MEMBERS of the East African Legislative Assembly (EALA) are pushing for enactment of a Bill on climate change, describing the phenomenon as one of the most serious threats to global security.

Moving a resolution to oblige the assembly to expedite introduction of suitable Bill on climate change during the culmination of the fifth meeting of the second session last Friday, South Sudanese Dr Woda Jaremiah Odok described climate change as the phenomenon with no respect to borders and an existential challenge to humanity.

“The delay in presenting the Bill to the house for debate and enactment is constraining and frustrating community efforts to deal with the adverse effects of climate change,” submitted the lawmaker.

Dr Odok noted that the EAC population continues to suffer extreme poverty coupled with low adaptive capacities and livelihoods of both urban and rural populations due to unpredictable weather patterns.

The EALA member added that EAC partner states’ economies were generally dependent on climate sensitive natural resources, charging that the solution to address the matter was now long overdue.

Supporting the resolution, Kenyan representative Dr Oburu Oginga said food production was hampered by unpredictable weather.

“Weather patterns have changed drastically and have become unpredictable,” he said, adding: “This has affected the planting seasons and continues to wreak havoc in the region and beyond.”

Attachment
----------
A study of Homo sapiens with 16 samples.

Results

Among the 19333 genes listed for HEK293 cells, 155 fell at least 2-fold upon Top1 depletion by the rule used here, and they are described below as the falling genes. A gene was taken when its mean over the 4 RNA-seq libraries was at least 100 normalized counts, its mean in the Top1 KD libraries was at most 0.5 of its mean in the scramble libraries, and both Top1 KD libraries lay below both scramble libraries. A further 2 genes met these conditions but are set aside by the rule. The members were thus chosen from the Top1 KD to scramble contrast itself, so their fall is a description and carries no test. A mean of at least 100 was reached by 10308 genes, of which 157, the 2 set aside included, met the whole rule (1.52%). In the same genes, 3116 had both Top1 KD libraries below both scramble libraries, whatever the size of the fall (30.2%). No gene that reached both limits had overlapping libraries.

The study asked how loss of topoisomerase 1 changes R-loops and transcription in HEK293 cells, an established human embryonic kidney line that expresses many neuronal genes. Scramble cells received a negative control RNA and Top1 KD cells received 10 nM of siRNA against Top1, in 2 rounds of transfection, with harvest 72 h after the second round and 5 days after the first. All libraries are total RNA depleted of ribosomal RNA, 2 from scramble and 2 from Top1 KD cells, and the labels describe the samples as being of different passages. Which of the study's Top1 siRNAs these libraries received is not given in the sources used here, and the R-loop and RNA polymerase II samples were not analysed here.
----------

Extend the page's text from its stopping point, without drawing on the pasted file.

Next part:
He singled out Cyclone Idai that hit Mozambique and was felt in Tanzania as devastating, noting further that only 25 per cent of Kenya was arable land while human competition and other activities in the area remained detrimental to forest cover.

Tanzanian representative Josephine Lemoyan said no single partner state had the capacity to control climate change, “I fully support the idea to have collective efforts in addressing the matter.”

The resolution, which received overwhelming support on the floor of the house, avers that the council of ministers adopted the East African Community Climate Change Policy in 2011 aiming at addressing the adverse effects of climate change and providing strategies to respond to its negative impact both at national and regional levels.

Thereafter, the council embarked on the requisite Bill to guide partner states on implementation of collective measures to mitigate the negative effects of climate change, a move that has never come to fruition, so far.